Once upon a time, David Bowie was a 17-year-old long-haired “activist.” This fantastic footage from Bowie’s possibly first-ever TV interview talking about the Society for the Prevention of Cruelty to Long-Haired Men is priceless. Back in 1964, long hair on men was still an unacceptable style choice, but scissor eschewing gents like David “Davey” Jones, as Bowie was once known, and of course the most famous rabble-rousing mop heads, the Beatles, set out to change that.
“I think we’re all fairly tolerant,” Bowie says in the interview with Cliff Michelmore on BBC Tonight. “But for the last two years we’ve had comments like ‘Darling!’ and ‘Can I carry your handbag?’ thrown at us, and I think it just has to stop now.” Cat callers harassed the long-hairs long enough, and David Bowie and his other shaggy friends had something to say about it.
“I think we all like long hair,” says Bowie, “And we don’t see why other people should persecute us because of this.”
It may have been a bit tongue in cheek and maybe the Society for the Prevention of Cruelty to Long-Haired Men sounds a little much, but when you think about it, there’s some real and serious stuff going on here. For one, men were basically being called derogatory names because they were being more feminine with their choices in haircuts and fashion. The way American culture and society saw it at the time, by being more feminine, these chaps were weak and less deserved of respect. This, of course, not surprising when women were being seen the same way.
But if we know anything about David Bowie and his long, strange career, we’ve seen this fantastic performer morph into characters that bend all the rules and transcend any gender boundaries as well as some earthly ones, too. Was he a feminist, too?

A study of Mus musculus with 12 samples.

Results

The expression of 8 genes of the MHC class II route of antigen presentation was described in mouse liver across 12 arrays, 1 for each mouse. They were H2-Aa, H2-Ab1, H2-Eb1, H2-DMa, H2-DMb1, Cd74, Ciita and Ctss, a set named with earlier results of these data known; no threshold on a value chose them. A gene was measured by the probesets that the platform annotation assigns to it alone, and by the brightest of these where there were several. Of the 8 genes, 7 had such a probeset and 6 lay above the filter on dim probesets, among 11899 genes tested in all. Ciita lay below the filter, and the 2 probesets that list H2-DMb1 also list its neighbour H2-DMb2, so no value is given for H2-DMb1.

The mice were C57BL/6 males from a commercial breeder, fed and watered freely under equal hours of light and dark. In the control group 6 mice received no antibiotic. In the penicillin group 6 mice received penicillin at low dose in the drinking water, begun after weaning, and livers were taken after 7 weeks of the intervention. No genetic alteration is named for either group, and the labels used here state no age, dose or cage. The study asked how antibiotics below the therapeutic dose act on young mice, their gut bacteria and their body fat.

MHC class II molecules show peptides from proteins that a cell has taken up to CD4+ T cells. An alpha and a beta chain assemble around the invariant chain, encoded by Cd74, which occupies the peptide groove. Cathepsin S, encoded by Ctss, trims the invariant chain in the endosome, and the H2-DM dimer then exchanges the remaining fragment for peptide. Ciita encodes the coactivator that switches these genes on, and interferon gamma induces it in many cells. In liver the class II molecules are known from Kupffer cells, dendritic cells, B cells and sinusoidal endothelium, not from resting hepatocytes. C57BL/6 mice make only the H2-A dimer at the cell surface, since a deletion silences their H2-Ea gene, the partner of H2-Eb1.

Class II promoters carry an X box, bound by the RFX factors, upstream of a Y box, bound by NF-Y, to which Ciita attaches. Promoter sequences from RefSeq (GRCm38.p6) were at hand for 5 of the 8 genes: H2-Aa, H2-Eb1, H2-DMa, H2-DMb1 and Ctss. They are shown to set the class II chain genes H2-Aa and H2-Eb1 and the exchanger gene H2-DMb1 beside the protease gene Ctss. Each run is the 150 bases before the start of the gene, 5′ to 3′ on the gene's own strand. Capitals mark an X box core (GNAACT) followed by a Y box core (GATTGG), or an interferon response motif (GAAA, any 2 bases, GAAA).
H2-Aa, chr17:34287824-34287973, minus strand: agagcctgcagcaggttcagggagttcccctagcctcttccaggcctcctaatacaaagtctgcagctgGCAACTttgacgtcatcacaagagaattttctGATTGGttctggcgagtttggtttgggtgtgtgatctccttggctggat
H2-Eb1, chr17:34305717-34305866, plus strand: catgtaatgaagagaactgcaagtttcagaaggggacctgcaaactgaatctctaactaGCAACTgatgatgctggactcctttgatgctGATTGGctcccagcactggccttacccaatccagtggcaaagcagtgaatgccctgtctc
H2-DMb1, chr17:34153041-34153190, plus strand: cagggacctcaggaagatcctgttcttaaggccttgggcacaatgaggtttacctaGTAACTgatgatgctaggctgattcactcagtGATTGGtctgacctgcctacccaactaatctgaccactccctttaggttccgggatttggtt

Not exactly. This interview from 2000, conducted by his wife and fashion icon Iman, for BUST Magazine gives us a little insight on what he thinks of feminism, or any isms, and why he’s not a feminist (or any -ist).
What does the word ‘feminism’ mean to you?
Not too much anymore, I’m afraid. I’ve always had immense problems with “movements” or indeed, anything that can be put in quotes. Whatever the current manifesto, the personal definition is always subjective, which is, at the core, the greater reality. In general, I suppose, I find it intensely offensive to see women treated as chattel or appendages. I cannot think of a situation where a woman could not do an equal if not better job than a man. Possibly, a situation requiring only brute strength may be the exception, but here again, a woman would be smart enough to organize the right person for the job. In that singular case, probably a man.
Do you consider yourself a feminist?
No. I’m stubbornly a nothing-ist. ists and isms irk me. It’s a British trait, I fear. We have a traditionally ambivalent outlook on social movements of any kind. But as with all ambivalence it has produced a kind of schizoid overview. A generous acceptance of eccentricity and, at times, an overbearing need to not stand out as being different. A complete understanding of the individual to command his or her own freedom yet a crushing failure to produce a jolly good revolution, even with Tom Paine at the helm.
Maybe David Bowie wasn’t/isn’t a self-proclaimed feminist, but his work has inspired generations to fight for gender equality and express their eccentricities without fear of persecution. It’s just common sense.